Fate of Airbnb-style rentals bill up in the air

By Katie Stancombe
TheStatehouseFile.com

INDIANAPOLIS – Changes made to a short-term rentals bill earlier in the week were erased in the Senate Wednesday.

House Bill 1133, which would prevent local governments from banning the Airbnb-style businesses, was amended to require short-term rental hosts to obtain and pay for a permit in order to operate their business.

Now, those changes have been removed.

Sen. Randy Head, R-Logansport, removed his amendments from the bill to block regulations of Airbnb-style rentals. Photo by Deonta Larkins, TheStatehouseFile.com

Sen. Randy Head, R-Logansport, who originally proposed that change, took back his amendment, and instead asked the Senate to return the bill to a version passed by a Senate committee.

The Local Government Committee made few changes to HB 1133, which would ban municipalities from prohibiting or regulating Airbnb-style, short-term rentals from their communities.

The proposed legislation has raised questions as to who should exercise control over new rental platforms – local municipalities or the larger state government.

Head said this would help move the bill to a conference committee, where legislators from both chambers meet and decide on a version of the bill acceptable to members of the House and Senate.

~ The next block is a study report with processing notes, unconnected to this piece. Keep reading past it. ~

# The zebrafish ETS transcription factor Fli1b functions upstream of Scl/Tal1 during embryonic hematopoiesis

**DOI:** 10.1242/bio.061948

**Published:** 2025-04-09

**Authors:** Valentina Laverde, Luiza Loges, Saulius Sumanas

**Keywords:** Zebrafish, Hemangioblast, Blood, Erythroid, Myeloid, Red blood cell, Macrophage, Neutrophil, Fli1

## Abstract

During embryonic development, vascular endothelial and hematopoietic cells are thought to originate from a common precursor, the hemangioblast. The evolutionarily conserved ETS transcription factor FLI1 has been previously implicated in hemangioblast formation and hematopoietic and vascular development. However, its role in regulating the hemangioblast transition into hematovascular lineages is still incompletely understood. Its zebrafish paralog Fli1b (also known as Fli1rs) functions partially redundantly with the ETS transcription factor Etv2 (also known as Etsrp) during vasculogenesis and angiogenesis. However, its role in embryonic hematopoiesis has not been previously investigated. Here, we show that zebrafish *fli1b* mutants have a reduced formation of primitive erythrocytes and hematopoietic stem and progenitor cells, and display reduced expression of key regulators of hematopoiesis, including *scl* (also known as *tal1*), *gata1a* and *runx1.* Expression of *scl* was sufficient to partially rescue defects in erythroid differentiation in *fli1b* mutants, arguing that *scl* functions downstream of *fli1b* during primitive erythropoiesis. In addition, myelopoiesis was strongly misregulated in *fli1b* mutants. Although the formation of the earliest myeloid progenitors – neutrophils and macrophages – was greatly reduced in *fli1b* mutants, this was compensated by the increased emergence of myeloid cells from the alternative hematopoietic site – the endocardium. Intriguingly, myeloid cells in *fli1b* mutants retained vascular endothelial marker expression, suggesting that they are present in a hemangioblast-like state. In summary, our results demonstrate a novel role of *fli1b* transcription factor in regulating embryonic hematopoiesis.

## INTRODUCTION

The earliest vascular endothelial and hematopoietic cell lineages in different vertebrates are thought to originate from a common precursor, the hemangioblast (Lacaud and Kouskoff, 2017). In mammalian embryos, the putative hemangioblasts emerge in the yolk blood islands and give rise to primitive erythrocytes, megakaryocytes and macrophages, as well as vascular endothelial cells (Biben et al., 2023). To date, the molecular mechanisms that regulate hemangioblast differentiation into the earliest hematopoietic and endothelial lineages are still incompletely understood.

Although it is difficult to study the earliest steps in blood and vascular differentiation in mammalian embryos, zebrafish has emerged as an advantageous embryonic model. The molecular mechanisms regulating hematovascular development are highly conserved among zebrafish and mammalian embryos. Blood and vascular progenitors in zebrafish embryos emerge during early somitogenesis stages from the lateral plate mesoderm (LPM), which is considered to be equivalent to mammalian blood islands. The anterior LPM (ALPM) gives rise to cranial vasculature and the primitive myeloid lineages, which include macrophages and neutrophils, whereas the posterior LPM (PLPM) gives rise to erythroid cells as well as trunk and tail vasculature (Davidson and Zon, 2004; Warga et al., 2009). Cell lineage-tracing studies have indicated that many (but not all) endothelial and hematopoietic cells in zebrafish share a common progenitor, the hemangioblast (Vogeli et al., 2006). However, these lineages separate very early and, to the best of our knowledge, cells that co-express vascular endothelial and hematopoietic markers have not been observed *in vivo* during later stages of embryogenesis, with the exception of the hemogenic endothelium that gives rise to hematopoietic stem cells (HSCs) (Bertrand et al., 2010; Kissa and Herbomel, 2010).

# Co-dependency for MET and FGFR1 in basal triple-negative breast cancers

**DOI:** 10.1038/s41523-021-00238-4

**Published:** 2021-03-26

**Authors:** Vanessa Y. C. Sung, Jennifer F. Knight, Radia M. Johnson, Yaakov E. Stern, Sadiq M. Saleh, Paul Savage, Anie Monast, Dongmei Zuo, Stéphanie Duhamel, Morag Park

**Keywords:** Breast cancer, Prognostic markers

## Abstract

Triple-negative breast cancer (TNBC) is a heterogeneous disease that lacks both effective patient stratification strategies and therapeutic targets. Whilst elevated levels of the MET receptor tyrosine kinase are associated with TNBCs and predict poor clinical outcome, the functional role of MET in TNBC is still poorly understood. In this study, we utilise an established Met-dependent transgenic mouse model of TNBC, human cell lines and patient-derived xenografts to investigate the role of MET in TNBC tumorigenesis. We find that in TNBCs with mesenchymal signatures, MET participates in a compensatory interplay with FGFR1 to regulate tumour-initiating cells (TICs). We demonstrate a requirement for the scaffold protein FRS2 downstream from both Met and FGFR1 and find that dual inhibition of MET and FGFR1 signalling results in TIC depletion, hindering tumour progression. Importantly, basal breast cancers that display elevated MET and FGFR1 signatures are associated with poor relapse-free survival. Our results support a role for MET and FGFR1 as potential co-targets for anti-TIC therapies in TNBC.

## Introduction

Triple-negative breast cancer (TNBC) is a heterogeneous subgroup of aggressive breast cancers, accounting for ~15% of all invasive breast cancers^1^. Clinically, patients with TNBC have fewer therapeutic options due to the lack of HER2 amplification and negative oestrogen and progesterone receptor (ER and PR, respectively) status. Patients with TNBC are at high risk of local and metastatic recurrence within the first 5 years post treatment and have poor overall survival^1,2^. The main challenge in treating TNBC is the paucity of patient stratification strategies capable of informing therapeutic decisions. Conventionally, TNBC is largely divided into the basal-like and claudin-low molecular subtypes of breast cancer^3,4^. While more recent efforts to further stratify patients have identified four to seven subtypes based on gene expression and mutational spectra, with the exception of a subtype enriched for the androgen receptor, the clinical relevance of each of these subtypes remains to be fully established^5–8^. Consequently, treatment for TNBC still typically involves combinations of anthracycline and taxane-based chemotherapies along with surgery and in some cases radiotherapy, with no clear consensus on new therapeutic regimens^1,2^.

“Rep. Lehman has committed to a conference committee if we pass something out of here,” Head said in reference to the bill.

He also said he thinks sending the bill to conference committee will help to garner more votes.

However, Sen. Karen Tallian, D-Portage, proposed an amendment to send the entire issue to a summer study committee, saying the bill was a mess.

“This amendment, as I see it right now, returns the bill to the original form that it came over here with,” Tallian said. “Which means that the bill allows no regulation by any local governments of these properties. There’s no registry, there’s no registration fee, there’s no way to really regulate these.”

But Head said he thought his changes would be a better vehicle to move the bill forward.

“This bill, the way it is now, does a terrible thing to the integrity of Indiana zoning laws,” Tallian said. “And I truly believe that the way it is right now, there are so many unaddressed questions that we simply can’t pass this bill.”

Tallian reminded her colleagues that the bill barely cleared the House, which passed the legislation 53-40.

The bill will be heard in the Senate for the last time Thursday.

Katie Stancombe is a reporter for TheStatehouseFile.com, a news website powered by Franklin College journalism students.